Being a manager involves developing people, sometimes firing people, and most importantly hiring the right people for your team. Sadly for Esperanto and many other attempts of so-called “universal” languages, English has taken over this role for over a century already, and is consider the official workplace language in multicultural organizations.
Over here in South America the development of English as a workplace skill is still a work in progress, the fact of living in a continent where Spanish is the dominant language with exception of Brazil (still Portuguese and Spanish are highly Intelligible to each other) makes things difficult. In IT however English is the dominant language, since almost all the documentation, training, discussion forums and conferences are done entirely in English and therefore for IT professionals English is not, in my personal opinion, a nice-to-have, it’s already a must.
Several organizations (American and British mostly) have different exams and scales to asses the level of proficiency for non-native speakers, but the most simple one i use as a standard in my hiring process is the ICLS Interagency Language Roundtable (ILR) scale, which consists in 5 levels of proficiency.
Given these scales of proficiency, you can identify which one could work for different companies depending on what they do for a business. Let’s say you work for an MSP, your duties are deploying IT infrastructure or automating proceses and you need to digest documentation in English, configure systems presented with GUIs or CLIs in English, etc.. but you don’t need to interact with vendors or customers in English. In such places an ILR level 2 Limited working proficiency is enough. But things get complicated when you DO need to interact with people and not only with systems, that’s when you need to get at least a level equivalent to an ILR Level 3 Professional working proficiency.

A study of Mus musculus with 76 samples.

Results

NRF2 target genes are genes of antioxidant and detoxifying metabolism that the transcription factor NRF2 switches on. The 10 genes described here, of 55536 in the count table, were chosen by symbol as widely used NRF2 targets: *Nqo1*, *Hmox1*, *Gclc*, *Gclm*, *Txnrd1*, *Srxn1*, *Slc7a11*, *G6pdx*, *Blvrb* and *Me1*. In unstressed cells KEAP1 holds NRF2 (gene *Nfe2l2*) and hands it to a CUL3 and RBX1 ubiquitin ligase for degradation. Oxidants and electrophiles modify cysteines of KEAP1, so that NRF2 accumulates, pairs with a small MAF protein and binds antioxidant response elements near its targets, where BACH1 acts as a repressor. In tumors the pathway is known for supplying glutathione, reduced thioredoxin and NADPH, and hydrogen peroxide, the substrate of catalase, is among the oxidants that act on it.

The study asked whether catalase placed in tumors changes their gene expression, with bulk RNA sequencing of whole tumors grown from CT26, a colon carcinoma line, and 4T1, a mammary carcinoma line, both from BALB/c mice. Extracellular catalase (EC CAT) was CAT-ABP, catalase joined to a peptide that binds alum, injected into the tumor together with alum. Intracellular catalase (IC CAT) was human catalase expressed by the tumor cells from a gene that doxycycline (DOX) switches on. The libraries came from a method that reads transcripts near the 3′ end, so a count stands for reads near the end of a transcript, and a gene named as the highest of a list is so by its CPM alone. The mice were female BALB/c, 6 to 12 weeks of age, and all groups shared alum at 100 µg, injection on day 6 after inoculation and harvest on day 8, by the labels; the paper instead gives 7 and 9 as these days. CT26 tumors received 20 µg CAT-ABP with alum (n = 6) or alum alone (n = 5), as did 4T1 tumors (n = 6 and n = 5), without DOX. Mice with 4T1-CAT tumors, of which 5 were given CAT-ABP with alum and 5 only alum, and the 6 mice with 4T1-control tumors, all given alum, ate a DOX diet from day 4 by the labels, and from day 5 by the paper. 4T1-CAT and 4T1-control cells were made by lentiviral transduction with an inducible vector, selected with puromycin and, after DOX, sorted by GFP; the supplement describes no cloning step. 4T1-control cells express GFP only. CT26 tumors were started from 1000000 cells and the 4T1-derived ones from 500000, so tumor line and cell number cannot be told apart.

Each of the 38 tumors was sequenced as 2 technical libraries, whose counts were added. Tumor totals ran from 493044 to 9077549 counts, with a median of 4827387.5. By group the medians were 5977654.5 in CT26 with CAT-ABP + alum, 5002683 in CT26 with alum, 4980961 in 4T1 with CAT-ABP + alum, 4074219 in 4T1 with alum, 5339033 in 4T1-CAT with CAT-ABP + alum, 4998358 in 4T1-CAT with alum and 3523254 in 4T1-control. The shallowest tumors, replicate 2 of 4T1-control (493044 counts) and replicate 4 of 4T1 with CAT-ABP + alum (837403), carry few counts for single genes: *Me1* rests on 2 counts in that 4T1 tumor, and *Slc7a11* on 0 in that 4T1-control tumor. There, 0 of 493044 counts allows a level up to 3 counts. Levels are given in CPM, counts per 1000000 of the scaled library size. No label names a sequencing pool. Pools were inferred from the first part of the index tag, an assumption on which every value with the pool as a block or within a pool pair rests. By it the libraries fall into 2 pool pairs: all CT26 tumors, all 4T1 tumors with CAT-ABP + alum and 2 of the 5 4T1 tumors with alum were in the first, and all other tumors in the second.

But, why is this important? well, the best IT jobs are exactly in this type of companies, with multicultural teams and customers, and speaking English at least on a basic level but with sufficient structure to understand others and be understood is necessary. We’re not talking about social English skills, just working proficiency, if you have an accent that’s fine, i do myself have an accent and so do the rest of my team, which is normal, acceptable and nobody will ever mention anything about it because we’re looking for functionality and not perfection.
Unfortunately the psychological barrier from being able to read English to actually speak English is high, the technical gap not so much and most of the time is just weak vocabulary. For us Spanish speakers the English grammar is much more easy to acquire naturally than for a native English speaker to get ours, but yet the fear of not being able to speak properly and the lack of opportunities to practice English in the workplace -living in a continent where Spanish is the dominant language- poses a big challenge for candidates to get good jobs, and for us managers and recruiters to find the right talent. Right now i’m recruiting for 3 positions I can tell you for a fact that for every 10 candidates i get, only 5% of them speaks any English, and the rest tries to convey something known as “technical english”, which is a made-up concept here in Chile, basically an ILR level 2.
To close this post i would like to stress the importance of learning English professionally especially in IT, we’re living a dramatic transformation in the age of COVID, where more remote work is available to us, from abroad, from companies whose workplace language is English, immigration is on the rise worldwide, English will not stop its race to become the standard workplace language and you need ride on time.